From the Telegraph
By Nigel Bunyan
January 1, 2017
Police officers are preparing to sue their own force over a series of illnesses they claim were caused by the radio system they use while out on patrol.
The Lancashire Constabulary was the first in Britain to try out the Airwave network, designed specifically to hive longer range and more capacity to the emergency services and the military.
Nine years after its introduction scores of officers are claiming that radiation emissions from the system have caused them to suffer such ailments as nausea, headaches, stomach pains and skin rashes.
The local branch of the Police Federation has logged 176 individual complaints, and now senior officials at the police authority are seeking legal advice on how to deal with them.
They have already made budget changes to allow for “a contingent liability in respect of Airwave liability claims”.
Critics of the system say its suppliers – Motorola, who provide the handsets, and those who control the network – have made changes to prevent “audio anomalies”.
However, the Health and Safety Executive has investigated the controversy and declared that there is no link between the radio technology and the reported ailments.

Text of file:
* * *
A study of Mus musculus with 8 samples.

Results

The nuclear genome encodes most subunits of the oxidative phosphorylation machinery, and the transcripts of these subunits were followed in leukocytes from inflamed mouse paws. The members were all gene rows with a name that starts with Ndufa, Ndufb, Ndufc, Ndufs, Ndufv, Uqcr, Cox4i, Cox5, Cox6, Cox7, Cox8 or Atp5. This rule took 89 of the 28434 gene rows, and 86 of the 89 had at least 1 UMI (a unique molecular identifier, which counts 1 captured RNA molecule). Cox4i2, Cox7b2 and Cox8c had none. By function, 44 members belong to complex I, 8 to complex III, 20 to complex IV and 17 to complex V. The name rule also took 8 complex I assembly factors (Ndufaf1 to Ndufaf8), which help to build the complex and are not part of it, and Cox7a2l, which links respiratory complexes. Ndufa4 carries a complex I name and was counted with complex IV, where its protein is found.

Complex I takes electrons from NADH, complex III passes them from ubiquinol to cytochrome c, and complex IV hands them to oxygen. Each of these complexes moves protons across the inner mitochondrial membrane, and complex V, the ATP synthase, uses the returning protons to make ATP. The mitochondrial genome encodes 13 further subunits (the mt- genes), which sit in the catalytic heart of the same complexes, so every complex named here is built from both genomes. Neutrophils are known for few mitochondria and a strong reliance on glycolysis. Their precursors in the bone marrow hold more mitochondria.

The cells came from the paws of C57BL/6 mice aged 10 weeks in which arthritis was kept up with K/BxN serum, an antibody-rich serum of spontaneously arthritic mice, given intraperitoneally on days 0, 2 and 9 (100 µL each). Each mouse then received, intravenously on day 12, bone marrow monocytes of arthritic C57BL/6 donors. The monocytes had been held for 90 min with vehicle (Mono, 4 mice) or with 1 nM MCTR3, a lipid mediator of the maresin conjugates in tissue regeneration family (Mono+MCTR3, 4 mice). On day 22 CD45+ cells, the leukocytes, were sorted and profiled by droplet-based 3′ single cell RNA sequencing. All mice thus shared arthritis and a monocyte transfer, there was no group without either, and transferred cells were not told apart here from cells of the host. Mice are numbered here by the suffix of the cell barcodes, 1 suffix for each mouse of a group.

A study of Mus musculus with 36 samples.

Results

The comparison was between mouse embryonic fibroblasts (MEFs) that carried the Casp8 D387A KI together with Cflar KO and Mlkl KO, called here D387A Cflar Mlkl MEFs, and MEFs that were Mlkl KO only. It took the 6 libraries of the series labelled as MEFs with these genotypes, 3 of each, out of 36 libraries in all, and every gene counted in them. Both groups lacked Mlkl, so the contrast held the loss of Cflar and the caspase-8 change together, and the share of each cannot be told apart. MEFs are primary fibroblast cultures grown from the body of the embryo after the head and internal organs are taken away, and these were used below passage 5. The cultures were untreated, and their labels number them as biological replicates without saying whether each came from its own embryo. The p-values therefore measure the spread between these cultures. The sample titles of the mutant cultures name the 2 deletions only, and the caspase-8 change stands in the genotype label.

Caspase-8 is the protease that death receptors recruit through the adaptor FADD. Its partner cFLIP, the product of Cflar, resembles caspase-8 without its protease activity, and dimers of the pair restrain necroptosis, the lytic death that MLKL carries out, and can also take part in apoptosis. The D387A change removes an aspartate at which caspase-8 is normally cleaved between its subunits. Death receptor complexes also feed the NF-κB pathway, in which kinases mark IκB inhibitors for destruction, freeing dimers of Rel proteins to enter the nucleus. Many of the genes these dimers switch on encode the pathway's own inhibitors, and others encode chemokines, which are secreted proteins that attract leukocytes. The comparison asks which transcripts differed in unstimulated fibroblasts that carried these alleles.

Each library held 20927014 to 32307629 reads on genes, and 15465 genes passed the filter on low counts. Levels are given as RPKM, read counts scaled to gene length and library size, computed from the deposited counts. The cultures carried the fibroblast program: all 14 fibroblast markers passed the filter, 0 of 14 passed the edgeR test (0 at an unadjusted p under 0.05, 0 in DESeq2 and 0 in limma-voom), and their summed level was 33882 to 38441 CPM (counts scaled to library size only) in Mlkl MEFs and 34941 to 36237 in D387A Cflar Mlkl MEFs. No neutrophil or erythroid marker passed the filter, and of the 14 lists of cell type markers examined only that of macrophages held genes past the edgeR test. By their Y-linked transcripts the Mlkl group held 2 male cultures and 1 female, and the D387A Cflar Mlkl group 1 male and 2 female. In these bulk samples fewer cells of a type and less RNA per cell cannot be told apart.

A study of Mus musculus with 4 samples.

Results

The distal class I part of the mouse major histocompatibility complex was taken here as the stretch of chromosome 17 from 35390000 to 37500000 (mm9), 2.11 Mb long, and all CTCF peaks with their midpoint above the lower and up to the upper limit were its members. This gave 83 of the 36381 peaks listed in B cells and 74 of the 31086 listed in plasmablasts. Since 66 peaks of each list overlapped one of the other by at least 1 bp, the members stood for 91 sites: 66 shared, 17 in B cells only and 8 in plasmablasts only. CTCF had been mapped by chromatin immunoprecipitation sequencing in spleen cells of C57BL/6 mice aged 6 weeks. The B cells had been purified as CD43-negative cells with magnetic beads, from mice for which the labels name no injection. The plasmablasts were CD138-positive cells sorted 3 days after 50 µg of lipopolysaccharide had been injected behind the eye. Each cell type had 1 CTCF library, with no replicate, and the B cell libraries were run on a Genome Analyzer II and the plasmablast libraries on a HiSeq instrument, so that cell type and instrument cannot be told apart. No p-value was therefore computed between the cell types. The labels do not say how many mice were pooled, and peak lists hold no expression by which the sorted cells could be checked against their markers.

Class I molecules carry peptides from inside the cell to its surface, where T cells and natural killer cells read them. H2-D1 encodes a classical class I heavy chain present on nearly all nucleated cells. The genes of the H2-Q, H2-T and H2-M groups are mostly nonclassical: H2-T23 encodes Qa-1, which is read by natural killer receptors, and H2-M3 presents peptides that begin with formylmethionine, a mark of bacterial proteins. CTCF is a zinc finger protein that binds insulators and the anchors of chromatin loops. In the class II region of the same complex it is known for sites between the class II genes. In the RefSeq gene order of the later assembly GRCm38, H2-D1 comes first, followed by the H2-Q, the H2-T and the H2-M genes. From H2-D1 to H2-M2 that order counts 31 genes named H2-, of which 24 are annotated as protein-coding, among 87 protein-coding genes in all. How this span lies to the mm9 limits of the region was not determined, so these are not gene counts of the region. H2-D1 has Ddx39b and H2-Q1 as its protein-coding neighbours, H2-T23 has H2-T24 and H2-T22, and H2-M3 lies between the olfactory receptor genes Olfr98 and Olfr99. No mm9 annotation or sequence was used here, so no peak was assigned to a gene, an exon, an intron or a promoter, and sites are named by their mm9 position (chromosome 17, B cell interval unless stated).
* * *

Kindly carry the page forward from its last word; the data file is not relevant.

Lancashire officers began to pilot the system in 2001. Since then the Government has spent £2.9 billion on introducing the system to all 53 forces in England, Scotland and Wales.
John O’Reilly, chairman of the Lancashire Police Federation, said: “When we first got it there were all sorts of problems, including breakdowns in communication and certain parts of the county being unreachable.
“But then most or all of the problems were ironed out over a period of time by improved technology.”
A spokesman for Lancashire Police Authority said: “We have received a number of liability claims for injury allegedly resulting from the use of the Constabulary’s mobile communications equipment.
“This is an ongoing matter and the outcomes from the claims are not yet known.”